George Kittle was racking his brain, trying to think of the right answer.
He pulled out his iPad, began sifting through coaches’ film through a series of plays he knew by memory. He swiped and swiped until it came to him.
“Green Bay,” the 49ers tight end said, having an ah-ha moment. “That’s 100 percent my favorite one.”
The assignment: Kittle was asked to identify the favorite block of his career. He couldn’t think of just one when he was first asked following another impressive blocking performance in Week 2’s victory over the Bengals. There have been so many, Kittle needed another day to think about it. And it didn’t come to him until he pulled out his iPad for a reminder.
It was a 26-yard running play during the second-quarter of the Monday night loss to the Packers last October. Kittle was lined up on the line of scrimmage next to right tackle Mike McGlinchey. The play was an inside zone run to the left, away from Kittle. Raheem Mostert broke a tackle and sprinted into the secondary, getting to the Packers’ 30-yard line before going down. Marquise Goodwin scored his second touchdown of the game on the next play.
The television broadcast didn’t catch Kittle’s block on linebacker Antonio Morrison because he took him off screen. Neither did the all-22 coaches film on NFL Game Pass, which is why the block didn’t go viral on social media like some of his others.
Kittle went to block Morrison, who tried side-stepping to his left. But he was already in Kittle’s grasp. And his move to avoid the block allowed Kittle to get all the leverage and drive him right into the turf. It was a textbook takedown.
“I caught him, he tried to wheel me out,” Kittle said. “I put my head down, I got underneath him. I planted him so hard.”
The video copy on Kittle’s iPad caught the whole thing. Kittle howled toward the 49ers sideline, celebrating like he just caught a touchdown pass while cameras were focused on Mostert downfield.
Kittle, a true tight end heart, would rather throw a dominant block than make a reception.
“That was one of my favorite,” he said. “Also, that was my favorite for where it was, being in Green Bay. ... In college my celebration after pancakes, I’d roll the dice. That’s what I did.”
Kittle’s third season is off to another impressive start, though his pass-catching numbers aren’t matching his historic 2018 campaign. The former fifth-round draft pick had 54 yards in each of the first two weeks. He had six catches for 57 yards in Week 3. He averaged 86.1 yards while setting the single-season records for tight ends with 1,377 receiving yards last year.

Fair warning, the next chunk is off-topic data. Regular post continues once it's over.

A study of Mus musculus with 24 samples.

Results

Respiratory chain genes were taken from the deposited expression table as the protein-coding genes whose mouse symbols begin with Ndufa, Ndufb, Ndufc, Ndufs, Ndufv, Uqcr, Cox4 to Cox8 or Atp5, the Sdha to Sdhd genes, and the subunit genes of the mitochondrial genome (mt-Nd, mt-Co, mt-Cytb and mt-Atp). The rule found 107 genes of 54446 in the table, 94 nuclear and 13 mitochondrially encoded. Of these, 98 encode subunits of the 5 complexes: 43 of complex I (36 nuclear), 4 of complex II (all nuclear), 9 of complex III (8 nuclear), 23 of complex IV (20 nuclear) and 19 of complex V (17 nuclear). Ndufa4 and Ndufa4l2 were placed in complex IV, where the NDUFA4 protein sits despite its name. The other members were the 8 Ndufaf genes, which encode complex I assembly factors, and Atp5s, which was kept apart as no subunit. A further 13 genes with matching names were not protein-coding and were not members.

Kittle served as a decoy on San Francisco’s first touchdown of the 41-17 win. Cincinnati’s safety sprinted up from the deep middle as Kittle broke free after Jimmy Garoppolo’s play fake. Goodwin leaked out to the left, where the safety should have been, wide open for the easy score to cap the first possession.
Kittle doesn’t mind if his production numbers aren’t the same. He said he judges his performances by the way he blocks. Scouting service Pro Footballl Focus has Kittle graded as the best run-blocking tight end in the NFL through two games.
Tight ends coach Jon Embree from the Cincinnati victory tallied six knockdowns for Kittle, the most of his career (a knockdown can come on a block, a stiff arm, or just running through someone).
One of Kittle’s knockdowns came on his 36-yard reception in the third quarter, stiff-arming safety Dre Kirkpatrick to the ground on a familiar crossing route following play action.
“I literally said to myself, ‘If I score right here, I’m going to look like Marshawn Lynch,’” Kittle recalled. “And I got tackled from behind, so it was pretty disappointing.”
Added Kyle Shanahan: “The way he acts when the ball is in his hands is the way he blocks, which is very physical and it’s very fun to watch and very excited he’s on our team.”
Quarterback Jimmy Garoppolo’s favorite Kittle block happened in the second quarter of that game. It came on a screen pass to running back Matt Breida, who lined up wide to the left. Kittle was in the slot, and rode cornerback William Jackson III right into the sideline, squashing him right in front of the 49ers bench. Breida went 11 yards and got a first down.
“He planted the dude out of bounds,” Garoppolo said.
Fullback Kyle Juszczyk said his favorite block of Kittle’s came last season in a home loss to the Arizona Cardinals. It was the play that made its rounds on the internet, with Kittle pushing a defensive back 15 yards into the end zone. It was when Kittle’s blocking first went mainstream.
“It was totally unnecessary,” Juszczyk said, “but awesome. ... I told him this week that those blocks of his have inspired me. And that’s why I was a little chippy this week and trying to finish guys into the ground. ”
Said Kittle: “I took him for a ride, but he finished on top, so I wasn’t too happy about that one.”